Avoiding Our Triggers Makes Them Stronger

From Bipolar: Flying Too Close to the Sun: “Unexpected triggers“:

“Basically, I’m not hypomanic or depressed, but I can see things moving into dysphoria if I don’t get it under control. We have our care plans and our everyday checks and a whole lot of things we do to stay balanced, but an unexpected trigger is, well, unexpected. It doesn’t give you time to prepare. If you are not with someone who understands you really well, no one will notice the anxiety, rage and general mood shift taking place until it’s too late.

Here are a few tips that I have found helpful:

  • always have an emergency script or emergency meds with you; something that you know chill you out.
  • Stay away from alcohol and other drugs. Yes, normally it will chill you out, but it can also flip you. And you lose the little self-control you have and do something stupid.
  • This one is very important: STAY AWAY from your phone and especially social media and email for at least an hour. As long as you have to.
  • If you don’t have a wedding every weekend like I do at the moment, take a day or two to chill out and unwind. Order your favourite food and beverage, and spend the day on a hobby in front of the TV or with a book. I normally prefer to be alone, but if you know you need someone to just hang with you, phone a friend or family.
  • SLEEP. Whatever you do, make sure you get your necessary hours of sleep; it give our brains time to process and keeps you from doing something stupid.
  • Write it out, on a blog or in a diary. There was a time that what went on in my head was SO dark that I avoided any writing in any form. Do what works for you.”

From “Anxiety Trigger: Sunlight–Knowing Your Triggers”:

“If there’s anything I learned from CBT is that to tackle the areas of our life which impact our mental health, we need to understand our triggers and get to the heart of the matter. Sometimes the answer lies in the foundations that we’ve built.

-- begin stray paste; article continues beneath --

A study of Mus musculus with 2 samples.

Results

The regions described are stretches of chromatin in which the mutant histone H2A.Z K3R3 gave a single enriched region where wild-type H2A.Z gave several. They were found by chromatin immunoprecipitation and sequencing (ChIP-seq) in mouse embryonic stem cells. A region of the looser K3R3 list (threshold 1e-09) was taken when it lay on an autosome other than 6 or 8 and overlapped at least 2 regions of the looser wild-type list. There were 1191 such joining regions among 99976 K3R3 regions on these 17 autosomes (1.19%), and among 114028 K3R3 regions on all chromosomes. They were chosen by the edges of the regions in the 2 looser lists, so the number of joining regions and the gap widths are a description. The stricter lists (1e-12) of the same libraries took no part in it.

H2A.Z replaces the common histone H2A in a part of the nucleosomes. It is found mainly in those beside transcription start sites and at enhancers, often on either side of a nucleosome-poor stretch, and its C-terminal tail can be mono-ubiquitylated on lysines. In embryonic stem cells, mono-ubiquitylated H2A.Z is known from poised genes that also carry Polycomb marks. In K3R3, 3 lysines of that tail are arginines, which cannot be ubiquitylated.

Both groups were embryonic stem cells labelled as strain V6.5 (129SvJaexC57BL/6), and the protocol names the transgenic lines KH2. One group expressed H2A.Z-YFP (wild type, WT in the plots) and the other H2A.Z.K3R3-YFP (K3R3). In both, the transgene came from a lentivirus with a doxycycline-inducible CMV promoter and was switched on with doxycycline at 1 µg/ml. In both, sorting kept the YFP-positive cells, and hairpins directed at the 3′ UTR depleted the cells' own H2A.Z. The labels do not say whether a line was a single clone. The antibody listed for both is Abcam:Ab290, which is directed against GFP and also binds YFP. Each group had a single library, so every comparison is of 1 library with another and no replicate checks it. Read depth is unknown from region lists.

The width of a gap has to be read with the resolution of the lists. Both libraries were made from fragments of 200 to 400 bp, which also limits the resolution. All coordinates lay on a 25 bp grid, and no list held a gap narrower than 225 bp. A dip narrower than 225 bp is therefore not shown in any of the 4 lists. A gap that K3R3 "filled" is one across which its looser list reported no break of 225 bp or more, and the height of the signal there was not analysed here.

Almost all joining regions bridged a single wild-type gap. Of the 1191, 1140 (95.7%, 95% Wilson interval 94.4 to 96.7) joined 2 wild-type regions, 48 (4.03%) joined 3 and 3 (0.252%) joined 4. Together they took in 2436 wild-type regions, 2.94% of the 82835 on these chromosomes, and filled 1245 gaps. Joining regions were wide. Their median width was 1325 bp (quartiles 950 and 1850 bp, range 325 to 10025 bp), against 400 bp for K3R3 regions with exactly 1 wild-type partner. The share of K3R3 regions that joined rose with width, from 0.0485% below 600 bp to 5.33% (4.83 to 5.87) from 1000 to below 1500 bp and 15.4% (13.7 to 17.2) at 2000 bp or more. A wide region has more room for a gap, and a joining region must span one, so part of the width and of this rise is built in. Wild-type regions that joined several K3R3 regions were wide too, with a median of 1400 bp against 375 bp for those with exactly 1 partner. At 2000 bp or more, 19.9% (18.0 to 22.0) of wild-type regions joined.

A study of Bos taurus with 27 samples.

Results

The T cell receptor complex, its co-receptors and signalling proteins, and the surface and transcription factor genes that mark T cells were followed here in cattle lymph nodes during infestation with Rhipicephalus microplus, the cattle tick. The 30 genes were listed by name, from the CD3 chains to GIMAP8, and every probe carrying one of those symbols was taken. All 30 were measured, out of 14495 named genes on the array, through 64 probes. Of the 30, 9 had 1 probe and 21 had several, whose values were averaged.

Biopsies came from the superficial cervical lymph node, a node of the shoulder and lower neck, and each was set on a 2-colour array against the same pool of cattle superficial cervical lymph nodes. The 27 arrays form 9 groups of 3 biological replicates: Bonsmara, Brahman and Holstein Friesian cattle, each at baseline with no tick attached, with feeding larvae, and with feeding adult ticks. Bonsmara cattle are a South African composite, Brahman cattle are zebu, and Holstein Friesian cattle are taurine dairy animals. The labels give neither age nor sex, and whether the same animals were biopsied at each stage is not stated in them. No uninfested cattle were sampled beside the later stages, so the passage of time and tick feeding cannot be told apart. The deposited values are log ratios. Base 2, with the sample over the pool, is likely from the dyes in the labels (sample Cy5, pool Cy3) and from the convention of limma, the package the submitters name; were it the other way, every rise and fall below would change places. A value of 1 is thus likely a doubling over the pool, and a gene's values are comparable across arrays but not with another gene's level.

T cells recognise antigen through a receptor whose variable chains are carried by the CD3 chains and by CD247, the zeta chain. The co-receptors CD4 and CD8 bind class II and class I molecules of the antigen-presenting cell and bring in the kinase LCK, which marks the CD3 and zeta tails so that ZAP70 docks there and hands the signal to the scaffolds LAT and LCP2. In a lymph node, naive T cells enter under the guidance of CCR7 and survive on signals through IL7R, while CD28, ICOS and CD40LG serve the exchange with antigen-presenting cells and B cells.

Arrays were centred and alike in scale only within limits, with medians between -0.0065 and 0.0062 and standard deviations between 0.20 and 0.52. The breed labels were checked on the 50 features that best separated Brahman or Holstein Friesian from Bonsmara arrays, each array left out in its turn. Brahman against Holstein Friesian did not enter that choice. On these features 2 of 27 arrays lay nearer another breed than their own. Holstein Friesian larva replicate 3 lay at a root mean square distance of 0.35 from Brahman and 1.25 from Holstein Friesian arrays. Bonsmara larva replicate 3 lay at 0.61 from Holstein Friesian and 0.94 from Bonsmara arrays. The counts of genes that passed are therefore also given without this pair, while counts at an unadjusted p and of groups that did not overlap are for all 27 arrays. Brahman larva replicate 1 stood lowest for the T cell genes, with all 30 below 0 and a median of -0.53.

I fear monotony. I fear routine. I fear a life that is boring and uninteresting. I fear doing nothing. These fears are my triggers. My first panic attack was a result of this. By age ten I had accumulated a plethora of sources of fun. I had several friends in the neighborhood and cousins from other parts of London who I played almost every sport and PlayStation game under the sun with, enacted dramatic performances from plays I had found in the library, dances – and eventually hosted parties in secondary school, spooky games and then some. I had friends at Islamic school, though there weren’t many opportunities to play games, I had my fellow classmates to talk to. I didn’t make an actual friend in school until Year Six, but it never stopped me from joining in to play football, hopscotch, cops and robbers, tag and the other many games that are pivotal to a 90’s childhood. In short, I wasn’t short of fun.

But it made me an experience junkie, and this brings me to my first ever panic attack.”

From “Triggers and Tools“:

“Living with PTSD often means understanding that there are triggers, triggers everywhere. Coping with PTSD often means learning the tools to handle the triggers. 

Before I was diagnosed I had no idea what was wrong with me. I was quirky to my friends and family, but inside I felt out of control and crazy. I could tell that the people I was with didn’t react the same way I did to certain situations, but I couldn’t understand why.

People can sometimes sit down at a restaurant and marvel over the choices on the menu. I become anxious and lose my appetite because the choices are overwhelming. Walks in the woods typically are filled with deep breathing wonderment at the smells and sounds of leaves rustling and crunching. I would cringe and keep looking over my shoulder because the crunching meant someone was running behind me to catch me. 

The sound of distant fireworks is often a sound and a sign of summer festivals and fun. I bristle and remember a time when I heard guns or bombs. The beautiful full moons shining brightly in the sky brings a sense of awe.  I often feel left-over dread and fear for the rituals the solstices brought in a place long ago, but not so far away. 

These are just a few triggers that I have to manage to live with PTSD. 

I used to flounder and drown in the vortex of my symptoms, but now, I have the tools to help me cope. I understand that for me, there are triggers, triggers everywhere and I know the reasons why. Knowing the truth and understanding my past has been a huge help in managing my mental health. 

I understand what flashbacks are, and while they are terribly uncomfortable, I have the tools to cope with the aftermath. I have the tools to work through panic, anxiety, and fear.